I’ve talked a lot about the various combinations and iterations that the early Beatles albums took, different songs under different titles on different sides of the Atlantic. The Beatles exploded in America with their performance on the Ed Sullivan Show in February, 1964. At that point, they’d really put out two studio albums. In June 1964 (July in the UK, oddly reversing how things had worked), they put out their third.
Imagine for a moment: “A Hard Day’s Night” is their third album. There are no more rhythm & blues covers — this is 100% original material. In fact, it’s 100% Lennon and McCartney material (George gets to sing lead on one, but didn’t write any). These songs were all written for the groundbreaking movie of the same name, the movie that would essentially define The Beatles’ mystique.
Once again, my snobbery against the US releases means that I never owned the copy of “A Hard Day’s Night” that most Americans would have known. That release is all the songs that were featured in the film, plus “I’ll Cry Instead,” and four orchestral instrumental versions arranged and conducted by George Martin.
The UK version’s first side held the songs that were actually included in the movie: “A Hard Day’s Night,” “I Should Have Known Better,” “If I Fell,” “I’m Happy Just to Dance With You,” “And I Love Her,” “Tell Me Why,” and “Can’t Buy Me Love.”
If any other band could have come up with those seven songs in their entire career, they’d have been legendary. The Beatles did them for half an album.
Side 2 were the songs that didn’t make the album: “Any Time At All,” “I’ll Cry Instead,” “Things We Said Today,” “When I Get Home,” “You Can’t Do That,” and “I’ll Be Back.” Every single one a great rock ’n’ roll song.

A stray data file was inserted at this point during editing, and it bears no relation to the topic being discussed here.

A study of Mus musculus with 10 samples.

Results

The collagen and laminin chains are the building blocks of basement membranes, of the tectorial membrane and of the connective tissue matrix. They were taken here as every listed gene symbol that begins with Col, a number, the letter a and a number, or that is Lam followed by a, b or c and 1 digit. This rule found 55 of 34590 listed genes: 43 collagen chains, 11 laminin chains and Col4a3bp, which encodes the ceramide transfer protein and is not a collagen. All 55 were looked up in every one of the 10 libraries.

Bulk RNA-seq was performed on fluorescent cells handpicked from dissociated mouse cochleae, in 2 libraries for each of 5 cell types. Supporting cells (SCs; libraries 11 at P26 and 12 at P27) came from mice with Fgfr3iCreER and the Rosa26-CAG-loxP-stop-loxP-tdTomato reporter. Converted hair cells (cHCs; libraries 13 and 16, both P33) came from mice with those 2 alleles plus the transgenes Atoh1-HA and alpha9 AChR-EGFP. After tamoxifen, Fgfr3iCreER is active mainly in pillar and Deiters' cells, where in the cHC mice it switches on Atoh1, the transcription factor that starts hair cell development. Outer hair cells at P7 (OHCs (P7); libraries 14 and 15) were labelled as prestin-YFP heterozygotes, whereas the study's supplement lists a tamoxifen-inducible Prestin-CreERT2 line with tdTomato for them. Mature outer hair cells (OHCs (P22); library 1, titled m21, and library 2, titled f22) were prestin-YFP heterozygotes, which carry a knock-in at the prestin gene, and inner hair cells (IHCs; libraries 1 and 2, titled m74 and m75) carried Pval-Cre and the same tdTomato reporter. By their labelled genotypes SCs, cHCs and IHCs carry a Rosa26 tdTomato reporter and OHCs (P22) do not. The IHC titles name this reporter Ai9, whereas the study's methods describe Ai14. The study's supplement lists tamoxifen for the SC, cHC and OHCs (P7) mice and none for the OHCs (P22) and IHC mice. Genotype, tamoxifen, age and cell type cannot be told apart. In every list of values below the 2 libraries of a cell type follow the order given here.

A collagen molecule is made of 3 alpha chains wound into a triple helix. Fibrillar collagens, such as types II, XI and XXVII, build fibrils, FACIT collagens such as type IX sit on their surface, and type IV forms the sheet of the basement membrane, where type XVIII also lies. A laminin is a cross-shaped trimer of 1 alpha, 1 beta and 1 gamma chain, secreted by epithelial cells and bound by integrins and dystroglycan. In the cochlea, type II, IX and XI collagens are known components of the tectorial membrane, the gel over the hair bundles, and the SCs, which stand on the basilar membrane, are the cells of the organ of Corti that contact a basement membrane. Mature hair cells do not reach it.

Now, we were just coming to know The Beatles around 1979. The movie had come out in 1964, and while it was probably periodically re-released and shown here and there, I had never seen it. It’s possible it had been on TV at some point. It’s probably hard for anyone today to understand or remember, but it used to be you couldn’t just watch what you wanted to anytime you wanted to. This is before videotape rentals, even. If you wanted to see a movie, you either had to find it in a theater (unlikely), or wait until it was on TV. In order to sate my need to see this legendary movie, I had (still have) a large-format paperback filled with stills and the script from the movie — you could follow along and sort of piece together what happened. That was the best we could do. But somewhere around the height of our Beatlemania, we got to see “A Hard Day’s Night” on screen. Can’t remember if it was on campus or, possibly, at the Everson Museum (where I know we saw some form of documentary/concert film, though I couldn’t tell you what it was).
Have you seen “A Hard Day’s Night”? It’s hard to imagine that the boys who could do no wrong as far as creating pop music was concerned could also do no wrong so far as creating an incredible pop music movie was concerned. It is warm, witty, fun, musical, exciting . . . it’s The Beatles. It’s also an amazing time capsule, and one could be forgiven for looking into it and wishing one were part of that world. It was mind-blowing. (I may say that about The Beatles, a lot. I mean it.) Everything about it is perfect.
While I love every song on it, this has never been one of my favorite Beatles albums. That an album can be this good and maybe not make my top three of the early Beatles albums, in my estimation, just says something about the quality of what they were putting out in 1964, ’65 and ’66. There’s nothing to compare to it. So yeah, it’s great. But I never played it a huge amount.
I bought this copy at Desert Shore Records for $5.00, probably around 1979 or 1980. Oddly, it’s a Japanese pressing. The front and back covers are normal and in English, but the insert includes copious liner notes in Japanese. It’s also pristine sounding.